Book Review: In Our Backyard

Continuing with the Social Passion Series, I reached for another book on human trafficking. Last time it was a standard about trafficking around the world, this time it was a book about trafficking in the US. In Our Backyard by Nita Belles was published in 2015, so it is still up-to-date, though specific facts may have had time to change (like website addresses or statistics). Overall, it is a great resource for learning about modern day slavery as it operates in the United States of America.

In an ideal world, everyone would be educated about modern slavery. In my perfect world, everyone would read at least one book on world slavery and one book on local slavery. So far, I can recommend books by Kevin Bales for trafficking on a global scale, and I would be happy to recommend In Our Backyard to educate people on trafficking in the US. It is not, perhaps, a perfect book and I have some suspicions about some of the numbers (though nearly everyone admits that numbers are difficult to come by in such a subversive element), but it would be great for people to read about the various scenarios that can and are happening in our backyard, in every city and town in America. It is also a very practical book, constantly reminding us what we can and can’t do to help or to get involved, giving us organizations, phone numbers, websites, etc.

Belles’ chapters could be read independent of each other, as she repeats a lot of information. It’s not super clear how the book is divided up, but it is full of stories that Belles has collected through her time in the field. From a boy who was abducted and trafficked over the border into a California neighborhood brothel, to a high school girl who was convinced by her new boyfriend to run away to a life of prostitution, from an immigrant man held prisoner, starving in a sub-standard trailer near a tomato farm where he was forced to work, to a mother-daughter duo who were coerced into the porn industry, it is appropriate to break down how modern day slavery has a number of different faces. Though there are patterns: children and teens; especially runaways; immigrants; foreigners looking for opportunity in America; large events (yes, like the Superbowl, but also others). These are all areas of vulnerability that criminals and abusers are waiting to exploit at the first opportunity. But Belles is also big on underlining that none of us or our children are 100% safe from exploitation, especially with criminals’ ubiquitous presence on the internet, but also in and around our high schools, events, etc.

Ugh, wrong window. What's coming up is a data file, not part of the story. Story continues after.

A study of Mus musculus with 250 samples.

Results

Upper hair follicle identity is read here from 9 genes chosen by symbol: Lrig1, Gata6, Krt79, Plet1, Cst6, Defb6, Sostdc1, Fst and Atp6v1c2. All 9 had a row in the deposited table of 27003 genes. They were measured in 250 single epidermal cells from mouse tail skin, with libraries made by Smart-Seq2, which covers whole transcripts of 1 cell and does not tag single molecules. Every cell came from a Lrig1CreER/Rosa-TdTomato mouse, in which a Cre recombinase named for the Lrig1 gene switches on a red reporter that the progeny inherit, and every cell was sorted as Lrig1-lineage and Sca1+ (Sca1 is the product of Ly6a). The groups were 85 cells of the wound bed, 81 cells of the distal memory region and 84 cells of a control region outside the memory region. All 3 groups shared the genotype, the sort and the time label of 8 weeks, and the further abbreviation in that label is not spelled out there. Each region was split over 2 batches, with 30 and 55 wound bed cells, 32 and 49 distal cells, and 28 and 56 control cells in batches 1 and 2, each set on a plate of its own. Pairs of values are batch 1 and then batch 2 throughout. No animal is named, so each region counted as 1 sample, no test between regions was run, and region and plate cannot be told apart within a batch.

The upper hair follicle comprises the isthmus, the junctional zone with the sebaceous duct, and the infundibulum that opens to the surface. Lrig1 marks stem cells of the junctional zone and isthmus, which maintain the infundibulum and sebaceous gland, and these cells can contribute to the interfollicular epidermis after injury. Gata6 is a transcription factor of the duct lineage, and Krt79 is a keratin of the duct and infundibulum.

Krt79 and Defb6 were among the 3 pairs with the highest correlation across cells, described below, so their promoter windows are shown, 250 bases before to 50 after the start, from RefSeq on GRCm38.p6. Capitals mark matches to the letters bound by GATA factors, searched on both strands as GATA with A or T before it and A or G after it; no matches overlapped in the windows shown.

Belles also repeats over and over that the victims are the victims. Too frequently, individuals who have been coerced or forced into trafficking/slavery are then treated as criminals and prosecuted for things such as prostitution, debt, illegal immigration status, etc. while their traffickers and “customers” are rarely prosecuted. Belles is personally working to change this reality as much as is in her power, but she also wants people to become educated about the reality of victimization and re-victimization. Her book is also about what part we—as average Americans—contribute to slavery. Consumption of goods, unharnessed consumerism, a blind eye, ignorance (and for some, pornography use or even sex tourism)… there are ways that we too are complicit in the victimization and abuse of others. It is possible that even those who participate in the sex industry, legally or otherwise, don’t understand that they are a cog in a terrible machine that is prone to—and indeed subsists on—exploitation. Knowledge is power. (Not that it’s all about sex trafficking and women. Belles given various other examples of trafficking in the US—domestic workers, indentured labor, migrant farmers, even in one case a children’s choir—but sex trafficking is a large slice of the pie.)

Belles chats about terminology, statistics, anecdotes, experiences, people doing good, victories and failures. Again, even though it’s not a perfect book, it’s a great book to learn about modern slavery in America and I would highly recommend it to anyone and everyone.


During the Covid-19 pandemic, one of the anti-trafficking organizations that I have supported over the years reached out to me. They are trying a social media approach during the quarantine which involves “ambassadors” posting stories on their outlets once a month. I signed on. Last month, I posted Nadia’s story on my Facebook. This month, I am going to present you with Tina and Sayantika, friends who have been rescued from trafficking in India. Please consider giving their story a read. You can also purchase jewelry, scarves and bags from Freedom Firm (or just donate). This is an organization that I have not only followed over several years, but have been an active part of on a volunteer basis. I have met some of the rescued girls, workers, and leaders. This is a great organization to support.

Click on the photo to the left/above (or HERE) to read this month’s story. You can also purchase/donate from there.


Though I underlined a ton in this book, there weren’t as many quotables as straight-up info.

“When we see something that could be human trafficking, let’s report it to 1-888-373-7888 or text “HELP” to BeFree (233722)” (p97).

“But we can never lose sight of who is the perpetrator and who is the victim” (p201).

“The FBI determined nothing was wrong because they didn’t see any handcuffs or bruises on the boys” (p48).